It is, therefore, obvious that the Reserve Bank of India (RBI) could flag off concerns at this higher level of concentration towards these two sectors.
RBI deputy governor R Gandhi had expressed concern at the high exposure. We are very much concerned about further exposure beyond these levels, Gandhi had said at a recent event last week.
Given the troubles brewing in the infrastructure and opacity in the real estate transactions, banks are doubly cautious. Though some are moderating loan disbursements for the realty projects, for infrastructure projects, banks are still extending loans owing to the governments thrust and the absence of other financing options. Gandhi added that banks cannot put all their eggs in one basket and other sources of finance for infrastructure are critical.
VR Iyer, the chairman and managing director of Bank of India, concurred there is a high concentration risk that the banks are facing.
The reform expected from the new government should help. But one has to keep in mind the concentration risk, said Iyer.
Credit to infrastructure grew at near 50% in 2009-10 and had clocked double-digit growth every financial year thereafter. With projects getting stuck due to lack of clearances and policy logjam, the credit growth to the sector slowed to 10.9% y-o-y in 2013-14, from as high as 38% in 2010-11.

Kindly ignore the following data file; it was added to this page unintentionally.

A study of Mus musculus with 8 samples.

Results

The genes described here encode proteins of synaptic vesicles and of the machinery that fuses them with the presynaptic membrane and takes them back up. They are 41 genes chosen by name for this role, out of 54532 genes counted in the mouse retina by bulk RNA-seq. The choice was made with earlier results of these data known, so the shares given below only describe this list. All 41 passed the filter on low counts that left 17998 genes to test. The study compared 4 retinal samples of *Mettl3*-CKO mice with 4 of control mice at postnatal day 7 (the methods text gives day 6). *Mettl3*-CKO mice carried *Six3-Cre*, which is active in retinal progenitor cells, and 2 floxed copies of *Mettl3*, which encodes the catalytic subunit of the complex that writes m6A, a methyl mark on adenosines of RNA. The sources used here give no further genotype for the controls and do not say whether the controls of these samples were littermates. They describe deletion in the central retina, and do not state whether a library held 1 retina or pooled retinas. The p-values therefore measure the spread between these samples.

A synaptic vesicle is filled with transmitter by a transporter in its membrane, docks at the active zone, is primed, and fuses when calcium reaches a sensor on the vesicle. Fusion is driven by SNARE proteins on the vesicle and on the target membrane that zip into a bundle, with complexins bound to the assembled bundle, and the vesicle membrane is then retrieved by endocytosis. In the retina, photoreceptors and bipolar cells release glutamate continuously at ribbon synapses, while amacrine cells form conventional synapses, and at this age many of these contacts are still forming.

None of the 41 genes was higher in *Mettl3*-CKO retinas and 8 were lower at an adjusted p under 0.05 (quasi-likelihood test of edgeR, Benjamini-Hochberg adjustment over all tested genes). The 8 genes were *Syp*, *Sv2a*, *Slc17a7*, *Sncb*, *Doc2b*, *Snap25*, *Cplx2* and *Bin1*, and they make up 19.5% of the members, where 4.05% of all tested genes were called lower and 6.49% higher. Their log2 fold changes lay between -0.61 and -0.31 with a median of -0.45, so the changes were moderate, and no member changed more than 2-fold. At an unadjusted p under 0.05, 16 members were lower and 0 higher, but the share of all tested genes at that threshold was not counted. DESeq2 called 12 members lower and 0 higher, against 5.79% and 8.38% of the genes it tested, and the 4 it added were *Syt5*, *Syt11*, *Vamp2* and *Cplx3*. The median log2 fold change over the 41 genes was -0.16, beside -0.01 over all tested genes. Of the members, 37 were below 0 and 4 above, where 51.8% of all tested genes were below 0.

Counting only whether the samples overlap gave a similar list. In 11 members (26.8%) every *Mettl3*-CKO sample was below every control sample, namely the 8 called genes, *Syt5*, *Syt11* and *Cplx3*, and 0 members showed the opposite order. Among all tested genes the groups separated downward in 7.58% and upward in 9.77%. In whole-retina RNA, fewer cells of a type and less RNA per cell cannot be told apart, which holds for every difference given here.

The bulk of financing is still bank-driven. Even RBI has relaxed several regulations to boost credit to the infrastructure sector. The latest is allowing banks to raise money through long-term infra bonds without the cost of maintaining reserve ratios that are otherwise applicable to bonds.
Iyer said that even at thebalance sheet growth rate of 15-18% y-o-y, banks cannot meet the financing needs of infrastructure sector. We need other modes of financing, we need to develop the bond market, she said. It is estimated that India needs a $1-trillion investment in the infrastructure over the next five years. It is also clear that RBI is not keen on relaxing more norms.
Bankers are cautious on exposure to the real estate sector. Punjab National Bank is the banks that have been moderating exposure to real estate. We have been moderating our real estate exposure over the last two-three years. Whatever exposure we have to the real estate sector is now under lease, rental discounting loans, said KR Kamath, chairman and managing director of the bank.